Unplanned downtime is one of the biggest enemies of productivity in microfactories. Microfactories are highly automated and technologically advanced. However, this also means that any breakdowns or malfunctions can have a more pronounced effect on production. A breakdown could have disastrous consequences for production. You can lose valuable time and money when your machines unexpectedly go offline.
A study found that 82% of businesses have dealt with unplanned downtime in the past three years. This wasted time can’t be made up, and it often costs a lot to fix the issue and get things running again. Fortunately, there are strategies you can employ to optimize your uptime and minimize the impact of unplanned downtime.
What Causes Unplanned Downtime?
Microfactories produce small batches of items quickly and efficiently. The machines they use are highly complex and can be difficult to maintain. Unplanned downtime is typically caused by either a breakdown of the machinery or an issue with the software controlling it. There may also be issues with having too many items in the factory waiting to be processed, which causes delays and longer wait times for items to be completed. Here are some of the most common causes of unplanned breakdown:
Equipment failure: This is one of the most common causes of unplanned downtime. Machines can break down for various reasons, such as wear and tear, overuse, or power surges. Having a regular maintenance schedule can help prevent equipment failures.
Lack of materials: Delays in the arrival of materials or parts can contribute to downtime.
Software issues: Microfactories use software to control their machines. If the software isn’t up-to-date or is incorrectly configured, it can cause problems and lead to unplanned downtime.
Human error: Sometimes, things go wrong because someone made a mistake. This could be an operator mistake, a programming error, or an oversight.
Natural disasters: Natural disasters, such as floods and storms, can cause serious damage to your facility and disrupt production. This is out of your control and can lead to extensive downtime.
Preventing Unplanned Downtime
The good news is you can take steps to prevent unplanned downtime from happening. Here are some strategies you can use to optimize your uptime:
Invest in quality equipment: Well-maintained, quality machines will run more reliably than cheap, poorly maintained ones. Investing in quality equipment, such as sensor-based machines from https://sensorsincorporated.com/, that can detect potential problems before they become serious. With this kind of technology, you can address issues quickly before they become a major problems and cause downtime.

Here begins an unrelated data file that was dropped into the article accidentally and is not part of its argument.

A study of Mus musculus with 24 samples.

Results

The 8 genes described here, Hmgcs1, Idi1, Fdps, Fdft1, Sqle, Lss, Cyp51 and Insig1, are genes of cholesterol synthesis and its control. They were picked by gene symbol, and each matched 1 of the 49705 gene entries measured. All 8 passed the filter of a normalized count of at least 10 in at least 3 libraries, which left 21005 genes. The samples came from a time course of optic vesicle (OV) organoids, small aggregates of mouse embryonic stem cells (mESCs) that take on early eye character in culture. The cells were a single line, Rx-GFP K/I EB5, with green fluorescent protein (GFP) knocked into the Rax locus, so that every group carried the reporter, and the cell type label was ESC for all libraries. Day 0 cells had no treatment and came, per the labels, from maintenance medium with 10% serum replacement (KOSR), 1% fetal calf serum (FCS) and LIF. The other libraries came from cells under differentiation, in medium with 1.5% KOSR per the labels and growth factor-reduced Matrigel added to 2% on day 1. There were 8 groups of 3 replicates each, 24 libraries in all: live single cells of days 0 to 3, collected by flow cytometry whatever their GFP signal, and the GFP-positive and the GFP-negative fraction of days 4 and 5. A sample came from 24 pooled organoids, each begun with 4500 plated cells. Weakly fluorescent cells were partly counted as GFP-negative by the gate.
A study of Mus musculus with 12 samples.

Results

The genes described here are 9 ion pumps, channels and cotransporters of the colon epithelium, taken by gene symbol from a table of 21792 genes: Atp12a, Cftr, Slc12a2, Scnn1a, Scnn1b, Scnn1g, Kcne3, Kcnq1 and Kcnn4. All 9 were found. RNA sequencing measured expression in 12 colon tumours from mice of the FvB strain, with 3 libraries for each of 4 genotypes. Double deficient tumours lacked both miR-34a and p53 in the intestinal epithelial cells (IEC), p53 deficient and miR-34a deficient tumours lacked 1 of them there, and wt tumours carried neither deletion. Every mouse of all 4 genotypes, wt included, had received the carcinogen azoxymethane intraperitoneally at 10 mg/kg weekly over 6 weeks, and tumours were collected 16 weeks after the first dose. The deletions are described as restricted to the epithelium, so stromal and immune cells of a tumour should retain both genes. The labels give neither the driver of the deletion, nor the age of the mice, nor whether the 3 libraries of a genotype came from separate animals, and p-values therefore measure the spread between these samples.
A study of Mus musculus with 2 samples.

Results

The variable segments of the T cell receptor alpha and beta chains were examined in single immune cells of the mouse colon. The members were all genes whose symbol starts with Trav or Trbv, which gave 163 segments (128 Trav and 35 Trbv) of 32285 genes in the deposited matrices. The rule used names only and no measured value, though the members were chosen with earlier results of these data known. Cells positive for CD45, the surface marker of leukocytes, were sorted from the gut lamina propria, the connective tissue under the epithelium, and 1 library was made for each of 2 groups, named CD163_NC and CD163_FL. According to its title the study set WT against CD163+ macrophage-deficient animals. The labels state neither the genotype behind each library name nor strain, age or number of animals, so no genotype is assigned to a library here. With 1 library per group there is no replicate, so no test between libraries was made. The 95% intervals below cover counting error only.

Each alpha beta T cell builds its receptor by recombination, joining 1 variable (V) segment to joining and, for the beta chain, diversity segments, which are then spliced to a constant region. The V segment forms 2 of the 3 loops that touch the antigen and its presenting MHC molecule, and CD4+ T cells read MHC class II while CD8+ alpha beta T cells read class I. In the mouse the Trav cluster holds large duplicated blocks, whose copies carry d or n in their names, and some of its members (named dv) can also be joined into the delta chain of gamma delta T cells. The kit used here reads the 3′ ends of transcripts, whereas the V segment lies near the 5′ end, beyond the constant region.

Create an effective maintenance schedule: A regular schedule can help ensure your machines run efficiently. This way, you can catch any minor issues before they become major problems. Have a periodic inspection of all equipment and components, regular oil changes, and other cleaning and maintenance tasks.
Invest in technology: Technology such as predictive analytics can help you anticipate problems. This kind of technology will warn you of potential issues so that you can take preventive measures before they become major problems.
Update software: Keep track of software updates, and install them as soon as they become available.
Train your staff: It’s important to have properly trained staff on hand to handle any maintenance or repair tasks quickly and efficiently. Ensure operators are up-to-date with the proper safety procedures for their machines and understand how to troubleshoot any problems that may arise.
Adopt Predictive Maintenance Practices
Predictive maintenance practices can help you anticipate issues before they occur. Preventive maintenance includes regularly inspecting equipment, replacing worn parts, and cleaning machines regularly. Here are the best maintenance practices:
Keep an eye on inventory levels: Get caught with the materials you need to keep production going. Keep track of inventory levels, so you know when it’s time to reorder. You should know when supplies will run low and have a system for ordering new materials.
Implement quality control measures: Quality control measures can help catch errors before they cause serious problems. This could involve having employees double-check their work before moving on to the next task.
Have a system for tracking and reporting: Tracking information on production and maintenance activities is essential to identify patterns of issues or problems. You can do this by having a system for recording and tracking errors and maintenance tasks over time. Use this data to help identify potential problems and implement preventive measures.
Invest in automation: Automation can help streamline processes and reduce the chance of human error. Automation includes tasks such as scheduling maintenance and tracking inventory levels. Automating these processes can help reduce the chance of costly mistakes that could lead to unplanned downtime.
Unplanned downtime is a major problem for microfactories. It can cost you time and money and disrupt your production process. However, there are ways to reduce unplanned downtime by being proactive about maintenance, inventory management, and quality control. By taking these steps, you can keep your microfactory running smoothly and avoid costly disruptions caused by unplanned downtime.